Time to lower speed limits.

Posted by admin
Aug 08 2006

With BP’s announcement today of the shutdown of its pipeline from the North Slope of Alaska for, possibly, weeks or months in order to repair parts that have corroded too much, the markets reacted quickly and predictably. Oil prices surged and people are worrying about the possibility of their future gas purchases hovering around $4.00 per gallon. The administration is even releasing oil stocks from the nation’s petroleum reserve to help cope with this recent event.

It is time for our representatives in state legislatures and in Congress to take reasonable measures to help reduce the financial impact. As I write, people in many parts of the country are cruising on the interstates with posted speed limits of sixty-five, seventy, or seventy-five miles per hour; many of them will drive in excess of those limits.

I have two proposals for our representatives to entertain: The first is a simple, across the board cut in speed limits on the interstate highways. Maybe they can take them down by five miles per hour for any speed limits currently above sixty-five miles per hour. It might be palatable to the current generation of leadfoots out there and would certainly reduce the rate of fuel consumption.

The second is more drastic, yet one that I favor at this point: Cap the speed limit at sixty, everywhere. Drivers would have to accept that a mile a minute is a reasonable sacrifice in these times of constrained fuel supplies. This doesn’t have to be an effort solely for environmentalists and conservationists. Conservatives — even the most rabid, Hummer-driving, cigar-chomping, gun-toting wingnut — can also take part by printing up and distributing fuel pump hose and nozzle ribbon magnets with “Support Our Speed Limit” emblazoned on them. Heck, they can tie it to their war on terror, for all I care at this point. (Why not? They tend to tie everything else to it — torture, domestic spying, war profiteering, or Republican party power grabs. What’s one more?)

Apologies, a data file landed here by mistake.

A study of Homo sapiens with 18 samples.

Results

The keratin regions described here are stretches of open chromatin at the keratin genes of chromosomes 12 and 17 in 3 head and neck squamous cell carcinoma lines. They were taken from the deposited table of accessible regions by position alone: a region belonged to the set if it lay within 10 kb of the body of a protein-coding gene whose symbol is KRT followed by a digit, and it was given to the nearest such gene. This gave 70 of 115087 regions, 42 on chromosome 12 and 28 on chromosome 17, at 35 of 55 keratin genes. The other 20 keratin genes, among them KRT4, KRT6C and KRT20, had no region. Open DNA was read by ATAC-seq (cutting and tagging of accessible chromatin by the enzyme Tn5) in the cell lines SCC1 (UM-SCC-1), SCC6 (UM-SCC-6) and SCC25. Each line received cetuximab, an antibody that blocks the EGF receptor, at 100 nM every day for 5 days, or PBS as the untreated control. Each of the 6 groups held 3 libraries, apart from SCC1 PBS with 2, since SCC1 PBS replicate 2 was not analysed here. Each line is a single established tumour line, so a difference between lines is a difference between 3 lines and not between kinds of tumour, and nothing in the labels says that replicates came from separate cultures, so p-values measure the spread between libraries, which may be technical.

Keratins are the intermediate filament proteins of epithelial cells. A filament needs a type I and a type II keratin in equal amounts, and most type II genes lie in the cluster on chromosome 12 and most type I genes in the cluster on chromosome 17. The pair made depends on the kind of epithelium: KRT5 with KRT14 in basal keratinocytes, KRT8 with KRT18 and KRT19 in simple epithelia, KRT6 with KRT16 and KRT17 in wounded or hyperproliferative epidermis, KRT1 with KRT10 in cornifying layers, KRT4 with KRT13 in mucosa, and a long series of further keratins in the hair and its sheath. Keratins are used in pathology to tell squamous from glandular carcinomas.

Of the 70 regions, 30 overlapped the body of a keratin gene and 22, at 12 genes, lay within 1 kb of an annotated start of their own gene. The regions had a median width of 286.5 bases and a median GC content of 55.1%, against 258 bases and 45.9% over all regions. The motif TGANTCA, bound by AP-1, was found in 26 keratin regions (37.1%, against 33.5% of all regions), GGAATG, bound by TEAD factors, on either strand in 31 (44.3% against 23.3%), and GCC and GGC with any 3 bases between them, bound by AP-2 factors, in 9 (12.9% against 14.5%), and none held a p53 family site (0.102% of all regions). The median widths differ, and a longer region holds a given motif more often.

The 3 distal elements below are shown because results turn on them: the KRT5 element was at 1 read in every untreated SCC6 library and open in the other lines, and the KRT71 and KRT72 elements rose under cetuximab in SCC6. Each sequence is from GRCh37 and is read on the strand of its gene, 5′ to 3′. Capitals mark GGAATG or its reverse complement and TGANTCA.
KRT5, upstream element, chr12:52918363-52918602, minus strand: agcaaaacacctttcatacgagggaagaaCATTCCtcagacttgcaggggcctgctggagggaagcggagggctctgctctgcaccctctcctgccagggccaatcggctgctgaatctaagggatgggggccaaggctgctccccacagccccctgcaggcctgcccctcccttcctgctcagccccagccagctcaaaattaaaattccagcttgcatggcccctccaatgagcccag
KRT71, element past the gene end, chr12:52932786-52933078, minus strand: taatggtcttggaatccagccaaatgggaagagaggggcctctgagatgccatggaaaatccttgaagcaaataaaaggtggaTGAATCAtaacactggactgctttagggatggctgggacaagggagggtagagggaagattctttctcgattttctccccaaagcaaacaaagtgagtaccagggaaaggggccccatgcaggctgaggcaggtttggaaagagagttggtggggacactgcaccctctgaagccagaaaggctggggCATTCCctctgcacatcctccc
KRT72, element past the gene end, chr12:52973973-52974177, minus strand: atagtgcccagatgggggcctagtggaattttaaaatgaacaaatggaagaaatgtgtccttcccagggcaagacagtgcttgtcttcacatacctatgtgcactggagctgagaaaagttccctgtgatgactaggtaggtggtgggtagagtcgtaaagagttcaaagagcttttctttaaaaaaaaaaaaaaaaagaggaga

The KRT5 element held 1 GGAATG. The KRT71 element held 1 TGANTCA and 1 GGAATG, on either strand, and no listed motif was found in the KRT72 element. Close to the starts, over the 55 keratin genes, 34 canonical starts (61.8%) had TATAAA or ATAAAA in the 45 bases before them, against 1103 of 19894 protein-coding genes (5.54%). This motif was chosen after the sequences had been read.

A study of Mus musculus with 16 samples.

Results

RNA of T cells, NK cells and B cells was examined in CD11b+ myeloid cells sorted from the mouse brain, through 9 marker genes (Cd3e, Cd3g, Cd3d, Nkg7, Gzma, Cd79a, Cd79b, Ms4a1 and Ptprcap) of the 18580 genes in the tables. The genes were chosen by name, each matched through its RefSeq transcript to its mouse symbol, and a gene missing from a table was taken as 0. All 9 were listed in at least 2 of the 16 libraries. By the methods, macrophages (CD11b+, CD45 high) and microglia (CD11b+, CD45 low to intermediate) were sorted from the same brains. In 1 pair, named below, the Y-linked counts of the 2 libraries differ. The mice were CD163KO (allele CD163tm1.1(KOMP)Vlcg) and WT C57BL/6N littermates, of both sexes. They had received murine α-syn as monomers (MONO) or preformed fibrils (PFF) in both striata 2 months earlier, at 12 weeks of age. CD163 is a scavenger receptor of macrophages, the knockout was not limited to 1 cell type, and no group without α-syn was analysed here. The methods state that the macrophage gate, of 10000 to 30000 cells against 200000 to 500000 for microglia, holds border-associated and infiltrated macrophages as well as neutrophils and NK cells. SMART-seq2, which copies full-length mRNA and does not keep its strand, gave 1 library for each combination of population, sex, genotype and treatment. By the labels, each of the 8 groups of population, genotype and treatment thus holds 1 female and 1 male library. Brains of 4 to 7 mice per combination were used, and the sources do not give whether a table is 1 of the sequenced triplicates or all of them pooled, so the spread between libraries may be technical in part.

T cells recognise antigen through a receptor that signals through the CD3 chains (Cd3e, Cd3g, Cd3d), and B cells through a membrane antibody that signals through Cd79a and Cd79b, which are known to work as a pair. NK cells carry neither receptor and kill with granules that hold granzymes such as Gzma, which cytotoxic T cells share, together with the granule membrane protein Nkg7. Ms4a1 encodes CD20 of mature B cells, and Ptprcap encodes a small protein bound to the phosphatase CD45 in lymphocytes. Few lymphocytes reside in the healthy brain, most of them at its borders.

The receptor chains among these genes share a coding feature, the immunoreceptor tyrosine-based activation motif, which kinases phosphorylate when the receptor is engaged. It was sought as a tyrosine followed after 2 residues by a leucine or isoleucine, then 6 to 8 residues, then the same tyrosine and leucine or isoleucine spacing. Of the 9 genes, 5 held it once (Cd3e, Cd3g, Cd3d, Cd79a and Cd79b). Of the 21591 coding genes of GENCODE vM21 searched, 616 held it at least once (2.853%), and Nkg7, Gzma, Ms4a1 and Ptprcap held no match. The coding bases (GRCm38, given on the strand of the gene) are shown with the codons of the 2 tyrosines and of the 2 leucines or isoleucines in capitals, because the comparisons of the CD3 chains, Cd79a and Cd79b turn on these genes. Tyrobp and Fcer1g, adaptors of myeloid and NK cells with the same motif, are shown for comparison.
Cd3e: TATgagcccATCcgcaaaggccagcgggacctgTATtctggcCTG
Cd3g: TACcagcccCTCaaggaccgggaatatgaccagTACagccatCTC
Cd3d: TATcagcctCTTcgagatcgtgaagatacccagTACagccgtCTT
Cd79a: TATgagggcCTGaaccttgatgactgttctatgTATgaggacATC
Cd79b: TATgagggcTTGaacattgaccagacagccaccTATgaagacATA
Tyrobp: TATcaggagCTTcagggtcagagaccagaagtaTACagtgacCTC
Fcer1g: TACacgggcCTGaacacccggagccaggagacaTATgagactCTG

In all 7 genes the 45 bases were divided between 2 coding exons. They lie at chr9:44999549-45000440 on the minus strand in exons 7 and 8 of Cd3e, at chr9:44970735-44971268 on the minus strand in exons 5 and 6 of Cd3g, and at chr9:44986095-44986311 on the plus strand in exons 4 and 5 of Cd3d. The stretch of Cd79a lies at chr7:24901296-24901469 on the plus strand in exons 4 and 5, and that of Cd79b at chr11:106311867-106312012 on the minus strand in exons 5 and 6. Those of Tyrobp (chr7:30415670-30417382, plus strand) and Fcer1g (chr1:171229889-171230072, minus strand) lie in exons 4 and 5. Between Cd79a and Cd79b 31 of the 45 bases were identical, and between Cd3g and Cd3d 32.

It is no secret that speed kills fuel economy. I can drive my aging Ford Focus at sixty and get thirty miles per gallon. If I drive at seventy, it drops to twenty-six. Now imagine those big ol’, gas guzzling SUVs that, more often than not, pass me by as if I was standing still. They are certainly not getting thirty miles per gallon. It’s almost certain that many of them are flirting with numbers under the teens. Add to their road speed such factors as air conditioning, wind resistance, and/or whatever they might be towing (ATV’s, boats, or horses) and we’re now talking single-digit ranges. Since Congress is dragging its heels on mandating increases in fuel economy standards, we might as well tell them to act to slow down the current fleet of vehicles, many of which are getting lousy fuel economy due to their years of inaction.

If this matter were simply about the speeds we travel, the fuel crisis might not be such a big deal, relatively-speaking. Unfortunately, it is much more than that. The price of gasoline, along with everything else affected by the price of a barrel of oil, has had a noticeable impact on people’s purchasing power and habits this year. What is worse is that we have yet to enter the winter months, when the price of heating fuel will be felt by millions of Americans. Last year, many people were compelled to turn their thermostats down to levels that were merely uncomfortable. For us in Minnesota, we were fortunate to experience a mild winter. If this winter turns out to be a harsh one, and with the added costs of fuel, I fear that many people will be more than uncomfortable. If we do not act to reduce the consumption of gasoline for use in travel, we will have a negative effect on the stocks and/or price of heating fuel.

We’ve pushed things too far for too long and it is way past time we consider actions to lower the speed limits – if not across the nation, then at least here in Minnesota.